Some dispute extent of ballpark's economic benefit claimby Curtis Gilbert, Minnesota Public Radio
ST. PAUL, Minn. — When the city of St. Paul applied for $27 million to build a new ballpark for the Saints, it estimated the economic benefit at $10 million per year.
But an analysis buried in the city's 500-page application to the state says the economic impact of the ballpark would be a fraction of that amount.
Gov. Mark Dayton will announce the winners today in a $47.5 million statewide competition designed to spur job creation. St. Paul's application is widely regarded as a top contender, if not a shoo-in.
The Minnesota Department of Employment and Economic Development gave the project one of the top scores among the 90 applications received, based partly on the ballpark's projected economic benefit.
The $10 million-a-year estimate appears multiple times throughout St. Paul's application. It refers to the amount of money people are expected to spend outside the ballpark when they attend a game.
But the application provides no documentation on how the city arrived at that number. In fact, elsewhere in the application, St. Paul suggests the economic impact would be much less.
The only part of the application that details the economic impact estimates the fans will spend at most $3.8 million more than they already do in the area. And even that may overstate the case, according to John Crompton, a Texas A&M University professor whose research provides the basis for the city's analysis.
"Really your residents could care less how much stuff is sold. What they care about is how much money ends up in our pockets," Crompton said.
Crompton has conducted dozens of economic impact analyses on sports facilities. St. Paul's application cites Crompton's research.
A lot of the money spent in St. Paul, or any other city, ends up somewhere else. Based on the city's own report, what would be left in the pockets of St. Paul business owners and their employees amounts to less than $1 million a year, Crompton explains.
"I have no idea how they get from the $650,000 - $950,000 range to $10 million," Crompton said. "Certainly, in terms of economic impact, I can't even guess how they do that."
Mayor Chris Coleman's office offered no documentation to back up the $10 million claim but the city stands by it, said Joe Campbell, communications director for St. Paul.
"Any number that you throw out there is an estimate," Campbell said. "I think we're confident that it will be close to that number."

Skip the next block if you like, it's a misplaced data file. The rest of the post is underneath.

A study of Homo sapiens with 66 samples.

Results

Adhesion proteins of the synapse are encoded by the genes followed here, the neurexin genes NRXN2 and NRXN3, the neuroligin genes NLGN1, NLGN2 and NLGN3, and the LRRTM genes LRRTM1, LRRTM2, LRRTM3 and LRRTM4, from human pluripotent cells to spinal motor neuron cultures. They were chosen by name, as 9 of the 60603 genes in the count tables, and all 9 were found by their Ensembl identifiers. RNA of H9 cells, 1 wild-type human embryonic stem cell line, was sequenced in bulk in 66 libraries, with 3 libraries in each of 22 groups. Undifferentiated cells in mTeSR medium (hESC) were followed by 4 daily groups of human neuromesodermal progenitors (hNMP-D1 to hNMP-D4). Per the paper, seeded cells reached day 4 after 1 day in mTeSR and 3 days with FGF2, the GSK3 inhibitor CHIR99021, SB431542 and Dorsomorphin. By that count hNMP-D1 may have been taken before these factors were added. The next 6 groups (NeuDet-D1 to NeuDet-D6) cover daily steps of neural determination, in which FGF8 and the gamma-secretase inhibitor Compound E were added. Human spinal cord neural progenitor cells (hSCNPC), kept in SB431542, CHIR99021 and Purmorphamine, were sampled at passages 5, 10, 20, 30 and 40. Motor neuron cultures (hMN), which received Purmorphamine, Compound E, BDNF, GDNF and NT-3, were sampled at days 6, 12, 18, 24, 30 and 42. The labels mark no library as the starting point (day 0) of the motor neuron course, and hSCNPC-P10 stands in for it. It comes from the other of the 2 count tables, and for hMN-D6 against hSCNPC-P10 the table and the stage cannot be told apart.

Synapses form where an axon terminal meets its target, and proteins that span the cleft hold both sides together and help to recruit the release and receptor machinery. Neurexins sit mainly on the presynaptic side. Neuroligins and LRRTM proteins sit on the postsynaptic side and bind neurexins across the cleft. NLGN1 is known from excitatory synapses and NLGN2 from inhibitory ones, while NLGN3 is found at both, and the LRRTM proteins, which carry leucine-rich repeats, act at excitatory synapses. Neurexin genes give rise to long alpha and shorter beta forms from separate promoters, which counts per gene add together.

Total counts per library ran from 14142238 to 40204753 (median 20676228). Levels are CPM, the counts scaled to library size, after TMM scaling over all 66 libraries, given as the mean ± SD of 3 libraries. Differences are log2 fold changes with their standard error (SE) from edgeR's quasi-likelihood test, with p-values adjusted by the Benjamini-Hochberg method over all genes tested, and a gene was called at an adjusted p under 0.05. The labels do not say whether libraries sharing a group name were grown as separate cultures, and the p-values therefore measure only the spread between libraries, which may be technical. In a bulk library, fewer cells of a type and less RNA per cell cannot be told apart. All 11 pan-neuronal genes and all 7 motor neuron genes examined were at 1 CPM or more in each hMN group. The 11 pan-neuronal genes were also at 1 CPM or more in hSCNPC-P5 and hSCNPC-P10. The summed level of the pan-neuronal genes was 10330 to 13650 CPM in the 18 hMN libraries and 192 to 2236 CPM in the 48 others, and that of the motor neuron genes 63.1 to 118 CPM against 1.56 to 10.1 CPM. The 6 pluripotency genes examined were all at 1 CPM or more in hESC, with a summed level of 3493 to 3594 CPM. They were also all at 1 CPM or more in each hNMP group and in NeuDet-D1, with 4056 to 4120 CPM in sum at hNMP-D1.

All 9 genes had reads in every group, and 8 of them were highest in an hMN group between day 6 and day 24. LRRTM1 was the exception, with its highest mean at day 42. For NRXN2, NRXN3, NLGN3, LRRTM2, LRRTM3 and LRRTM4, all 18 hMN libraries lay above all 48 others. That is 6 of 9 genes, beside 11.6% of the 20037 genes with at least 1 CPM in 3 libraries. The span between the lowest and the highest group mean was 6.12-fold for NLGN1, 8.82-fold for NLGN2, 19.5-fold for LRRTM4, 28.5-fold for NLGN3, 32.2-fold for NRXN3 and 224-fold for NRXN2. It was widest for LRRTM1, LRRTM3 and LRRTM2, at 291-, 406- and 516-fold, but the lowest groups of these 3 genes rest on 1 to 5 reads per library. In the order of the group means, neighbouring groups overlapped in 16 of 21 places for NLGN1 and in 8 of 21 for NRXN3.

For their part, the Saints have largely avoided making predictions about their economic impact. In an interview earlier this summer, team owner Mike Veeck said "trickle-down numbers" would never pass his lips.
But the team expects more businesses will benefit from a ballpark next to the city's thriving Farmers Market than from the current location surrounded by industrial property and railroad tracks.
"Right now we help one business, down the street, Gabe's By the Park," Saint's Vice President Annie Huidekoper said. "We all love Gabe's. They're a long-time partner, but there'll be at least 10, probably 20 businesses that will have a noticeable uptick, thanks to having 400,000 [a year] people in Lowertown."
Matt Kramer, former DEED commissioner and Republican Gov. Tim Pawlenty's chief of staff, is one of the ballpark's biggest boosters. Kramer, currently the president of the St. Paul Area Chamber of Commerce, said the trouble with forecasting the economic impact of the project is that the new location offers many more opportunities than the current one.
"And that changes these economic development numbers tremendously and allows for a certain fudge factor that I think is reasonable and appropriate," Kramer said. "You cannot sit here and pretend that we can calculate what a number is going to look like when the variables are so, so different."
Kramer said, if anything, the new ballpark would bring more than $10 million in annual economic impact to St. Paul.
Economist Art Rolnick argues the public should be dubious of claims like that.
"These economic impact studies you could do for any company. So which ones do you invest in? The answer is: you keep taxes as low as you can on all business. You don't want the government to be picking winners and losers," said Rolnick, the former vice president of Federal Reserve Bank of Minneapolis and now a senior fellow at the University of Minnesota's Humphrey School.
But Rolnick made the same point when the Vikings and the Twins sought a great deal more public money for their stadiums. Those subsidies won approval.
- Morning Edition, 09/13/2012, 7:20 a.m.